For The Snark Was A Boojum, You See:* “When you say a man writes badly, you are trying to hurt him. When you say it in words better than his, you have succeeded. It would be better to admit this fact, and admit that all adverse reviews are snarks to some degree, than to indulge the sentimental wish that malice might be debarred from the literary world.” Clive James in the New York Times.

The Babu hereby wishes to define “boojum” as “an author rendered unable to accept even legitimate criticism because he or she now sees all criticism as an unwarranted personal attack by a sea of killer snark reviewers”. (Alternative definitions for “boojum” more than welcome!)

* Speaking of personal attacks, this piece in Salon went to the other extreme. Page One is all about why everyone should hate Nell Freudenberger (“too young, too pretty, too successful”); Page Two is where the writer Sees The Light; Page Three sings hosannas to Little Nell. Nice review; too much back story.

“By being one step removed from violence in books in a setting where the violence is mostly framed by a moral context, violence in literature generally has much less of a negative impact on children than disturbingly explicit, more mirror-like images on TV.” This essay from The Hindu on violence in children’s literature finds the Babu in profound disagreement. No offence meant to the (well-intentioned) author, but to aim this discussion at the gatekeepers–parents, teachers, librarians–rather than the readers themselves seems a trifle limiting; nor is the Babu at all convinced by the thesis that books are less unsettling than television. There’s a simple, and classic, rebuttal of this argument–try reading Richard Hughes’ High Wind in Jamaica.

MobyLives is back. (Check out the guest column by Steve Almond on how to be a good blurbee and why not to be a blurb whore.) Praise de Lawd and steal the links: they posted the Guardian’s story on Lorca way before the Babu had a chance to reach for the ‘BlogThis’ button. Proof that Lorca was buried in a mass grave at Viznar may be round the corner.

Years ago, Amit Chaudhuri, his wife and Sunetra Gupta were offloaded in Dhaka–an unsatisfactory start for a pilgrimage of any kind, even for those who had their “ancestral antecedents” in that part of the world. He returns, to find that: “Contemporary Dhaka confirms within me something else; a current exploration. As if I’d confronted a twin who’d grown up separately and become somebody else, it provides me with a different notion of identity.”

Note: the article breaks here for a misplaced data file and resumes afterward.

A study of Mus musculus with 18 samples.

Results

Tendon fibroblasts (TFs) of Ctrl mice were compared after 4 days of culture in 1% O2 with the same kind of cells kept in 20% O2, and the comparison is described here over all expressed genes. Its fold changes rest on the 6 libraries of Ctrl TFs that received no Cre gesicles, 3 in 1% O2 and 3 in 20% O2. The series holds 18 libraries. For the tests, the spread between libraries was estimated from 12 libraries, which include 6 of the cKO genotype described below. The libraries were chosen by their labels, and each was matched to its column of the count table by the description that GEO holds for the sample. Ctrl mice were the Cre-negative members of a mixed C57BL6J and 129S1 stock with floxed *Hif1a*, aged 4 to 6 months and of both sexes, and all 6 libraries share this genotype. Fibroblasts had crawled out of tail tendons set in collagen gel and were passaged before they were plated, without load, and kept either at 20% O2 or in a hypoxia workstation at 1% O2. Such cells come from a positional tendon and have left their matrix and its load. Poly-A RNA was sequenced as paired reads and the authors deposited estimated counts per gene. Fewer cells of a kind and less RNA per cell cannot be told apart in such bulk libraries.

“I had been startled by the smallness of that work, and its lucidity, while handling questions of pain and professional failure.” Susan Visvanathan on Penelope Fitzgerald.

Take Harry Potter, marijuana and Indian hemp. Trust me, there’s a connection.

“I envision an attractive, gray-haired litteratrice in residence at, say, Bard College. The ultimate acolyte in her youth, now she would be a patient mentor to young writers, with a Pulitzer Prize, two ex-husbands, and a poet laureateship behind her.” Alex Beam on what Sylvia Plath might have been at the age of 71.

“In Craceland, the ancient deity he calls “the goblin of storytelling” holds sway, not the blander modern angels of autobiography and confession.” The Independent meets Jim Crace.

Mark Holcomb faces every reviewer’s worst nightmare: “Can we soon expect someone to write a book about someone writing a book about someone writing a book?”

The Washington Post invokes the author’s nightmare, on the other hand, with its Fall Review: “The task of culling the books and selecting those we think merit interest is the hardest thing we do: For every book we review, 99 others will have passed through our hands.”

“It turned out that Lang, the grandson of a Jewish convict who’d been banished Down Under on the charge of stealing eight silver spoons, and whose father, a Scottish sea captain who’d inexplicably died nine months before his birth in December 1816, was Australia’s first novelist with a gift for languages (later in life, he was to translate Persian poetry), who earned a law degree in England after being expelled from Cambridge for engaging in “Botany Bay tricks” like writing blasphemous verses, putting chamber pots on the spires of Trinity College, fraternising with girls, neglecting his studies, drinking too much, and – “most scandalously of all” – for being seen on the stage!” Seminars in Delhi are usually stodgier than this–but a diplomat at the Australian High Commission decided he had a new paradigm.